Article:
Using Evidence Based Practice in LIS Education: Results of a Test of a Communities of Practice Model
Keywords:communities of practice, library and information science education, models, professional development
AbstractObjective - This study investigated the use of a communities of practice (CoP) model for blended learning in library and information science (LIS) graduate courses. The purposes were to: (1) test the model’s efficacy in supporting student growth related to core LIS concepts, practices, professional identity, and leadership skills, and (2) develop methods for formative and summative assessment using the model.
Methods - Using design-based research principles to guide the formative and summative assessments, pre-, mid-, and post-course questionnaires were constructed to test the model and administered to students in three LIS courses taught by the author. Participation was voluntary and anonymous. A total of 34 students completed the three courses; response rate for the questionnaires ranged from 47% to 95%. The pre-course questionnaire addressed attitudes toward technology and the use of technology for learning. The mid-course questionnaire addressed strengths and weaknesses of the course and suggestions for improvement. The post-course questionnaire addressed what students valued about their learning and any changes in attitude toward technology for learning. Data were analyzed on three levels. Micro-level analysis addressed technological factors related to usability and participant skills and attitudes. Meso-level analysis addressed social and pedagogical factors influencing community learning. Macro-level analysis addressed CoP learning outcomes, namely, knowledge of core concepts and practices, and the development of professional identity and leadership skills.
Results - The students can be characterized as adult learners who were neither early nor late adopters of technology. At the micro-level, responses indicate that the online tools met high standards of usability and effectively supported online communication and learning. Moreover, the increase in positive attitudes toward the use of technology for learning at the end of the course may indicate that an effective balance between face-to-face and online media was achieved. At the meso-level, students valued learning in community for developing mutual respect, confidence building, risk taking, deeper and more varied learning, learning with and from their peers, and greater enjoyment in the classes. Students found that the online environments were useful for organizing the class objectives and subject matter, “staying connected” between classes, sharing ideas, keeping track of their work, and preparing them for future work in blended environments. At the macro-level, the findings of the effects on student growth related to core LIS concepts, practices, professional identity and leadership skills were inconclusive. However, students’ expressed a high regard for the value of collaboration, and there were indications that the model supported differentiated learning of professional knowledge and skills.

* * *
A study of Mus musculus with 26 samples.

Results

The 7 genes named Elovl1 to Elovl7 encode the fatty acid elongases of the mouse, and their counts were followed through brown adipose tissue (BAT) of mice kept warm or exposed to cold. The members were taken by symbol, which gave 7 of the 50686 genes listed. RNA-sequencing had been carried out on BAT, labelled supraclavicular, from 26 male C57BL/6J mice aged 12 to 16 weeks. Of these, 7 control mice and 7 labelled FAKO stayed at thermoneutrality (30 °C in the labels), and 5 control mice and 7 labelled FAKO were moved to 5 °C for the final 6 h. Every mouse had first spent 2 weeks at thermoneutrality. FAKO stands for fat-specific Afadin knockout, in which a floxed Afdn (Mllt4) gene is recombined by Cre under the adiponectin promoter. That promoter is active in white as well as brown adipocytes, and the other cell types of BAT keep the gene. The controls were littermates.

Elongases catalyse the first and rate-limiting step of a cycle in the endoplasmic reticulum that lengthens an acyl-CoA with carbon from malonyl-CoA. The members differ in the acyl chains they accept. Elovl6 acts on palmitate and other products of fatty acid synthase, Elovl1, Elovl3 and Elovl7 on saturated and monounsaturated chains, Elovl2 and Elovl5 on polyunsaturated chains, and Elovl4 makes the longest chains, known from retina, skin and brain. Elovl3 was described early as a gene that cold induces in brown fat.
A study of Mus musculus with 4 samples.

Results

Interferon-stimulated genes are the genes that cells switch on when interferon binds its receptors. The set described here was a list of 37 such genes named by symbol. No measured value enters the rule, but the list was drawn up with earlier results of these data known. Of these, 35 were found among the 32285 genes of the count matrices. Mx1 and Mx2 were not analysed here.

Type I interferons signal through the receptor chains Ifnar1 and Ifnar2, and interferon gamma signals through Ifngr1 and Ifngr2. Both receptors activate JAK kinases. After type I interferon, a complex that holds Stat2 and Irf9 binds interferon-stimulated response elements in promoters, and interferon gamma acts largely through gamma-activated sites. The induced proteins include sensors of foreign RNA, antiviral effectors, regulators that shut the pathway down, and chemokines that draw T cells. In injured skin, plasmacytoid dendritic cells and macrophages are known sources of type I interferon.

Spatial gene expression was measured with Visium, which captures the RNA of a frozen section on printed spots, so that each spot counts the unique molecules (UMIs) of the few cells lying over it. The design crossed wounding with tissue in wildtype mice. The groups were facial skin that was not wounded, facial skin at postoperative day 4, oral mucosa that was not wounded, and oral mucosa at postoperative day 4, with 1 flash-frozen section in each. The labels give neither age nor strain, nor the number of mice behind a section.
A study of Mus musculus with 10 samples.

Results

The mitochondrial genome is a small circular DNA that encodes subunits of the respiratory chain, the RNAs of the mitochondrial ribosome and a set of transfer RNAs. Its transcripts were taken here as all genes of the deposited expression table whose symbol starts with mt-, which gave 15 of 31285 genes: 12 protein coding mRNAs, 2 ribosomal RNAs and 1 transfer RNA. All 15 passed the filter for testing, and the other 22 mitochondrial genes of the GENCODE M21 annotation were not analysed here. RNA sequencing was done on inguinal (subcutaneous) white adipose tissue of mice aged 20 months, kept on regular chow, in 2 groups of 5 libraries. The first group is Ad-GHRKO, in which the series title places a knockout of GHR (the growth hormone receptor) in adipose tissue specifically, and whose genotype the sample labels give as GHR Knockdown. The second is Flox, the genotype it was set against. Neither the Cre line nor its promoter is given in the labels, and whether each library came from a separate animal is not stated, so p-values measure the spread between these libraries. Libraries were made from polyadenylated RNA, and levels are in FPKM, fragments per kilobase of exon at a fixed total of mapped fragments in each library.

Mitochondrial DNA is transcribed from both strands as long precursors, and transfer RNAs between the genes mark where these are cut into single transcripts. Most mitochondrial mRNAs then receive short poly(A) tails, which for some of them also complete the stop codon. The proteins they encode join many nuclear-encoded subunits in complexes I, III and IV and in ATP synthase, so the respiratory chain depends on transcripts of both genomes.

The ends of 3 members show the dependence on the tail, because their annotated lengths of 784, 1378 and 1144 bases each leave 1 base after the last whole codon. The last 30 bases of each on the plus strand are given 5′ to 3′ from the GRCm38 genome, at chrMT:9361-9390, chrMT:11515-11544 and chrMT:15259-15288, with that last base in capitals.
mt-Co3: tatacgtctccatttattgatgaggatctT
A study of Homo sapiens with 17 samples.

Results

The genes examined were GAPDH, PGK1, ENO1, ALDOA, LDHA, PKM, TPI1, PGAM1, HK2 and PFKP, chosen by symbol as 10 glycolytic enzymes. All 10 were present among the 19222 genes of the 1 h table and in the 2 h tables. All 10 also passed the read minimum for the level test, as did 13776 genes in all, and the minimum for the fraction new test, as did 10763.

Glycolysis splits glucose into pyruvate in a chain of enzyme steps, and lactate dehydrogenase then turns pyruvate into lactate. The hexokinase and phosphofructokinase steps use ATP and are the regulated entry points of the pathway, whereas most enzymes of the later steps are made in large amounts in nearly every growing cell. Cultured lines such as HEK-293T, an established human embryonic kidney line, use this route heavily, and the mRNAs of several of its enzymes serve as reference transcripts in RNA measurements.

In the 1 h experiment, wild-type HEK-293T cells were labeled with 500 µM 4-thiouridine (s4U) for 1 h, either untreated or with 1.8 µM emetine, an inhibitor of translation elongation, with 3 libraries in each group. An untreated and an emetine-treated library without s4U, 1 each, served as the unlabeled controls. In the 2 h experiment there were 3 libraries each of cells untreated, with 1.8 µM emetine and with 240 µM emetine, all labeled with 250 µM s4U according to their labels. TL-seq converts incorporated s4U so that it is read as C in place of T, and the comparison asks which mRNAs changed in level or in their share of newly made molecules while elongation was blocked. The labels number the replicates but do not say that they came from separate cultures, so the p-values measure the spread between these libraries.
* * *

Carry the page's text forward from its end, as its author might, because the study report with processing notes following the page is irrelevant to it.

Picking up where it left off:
Conclusion - The findings strongly suggest that the use of the CoP model had positive effects on the learning process. Students’ high regard for the value of collaboration appears to be a clear effect of using the CoP model. The assessment methods were sufficient for testing the efficacy of most aspects of the model under the limited conditions of this study. Student responses led to refinements in both the model and methods. This study contributes to social constructivist learning approaches and LIS curricular development by presenting an innovative model for supporting professional growth among adult learners, as well as a conceptual framework to guide evidence -based practice. Further testing and refinement of the model in other contexts and by other educators are needed to ensure that the model is robust and broadly applicable.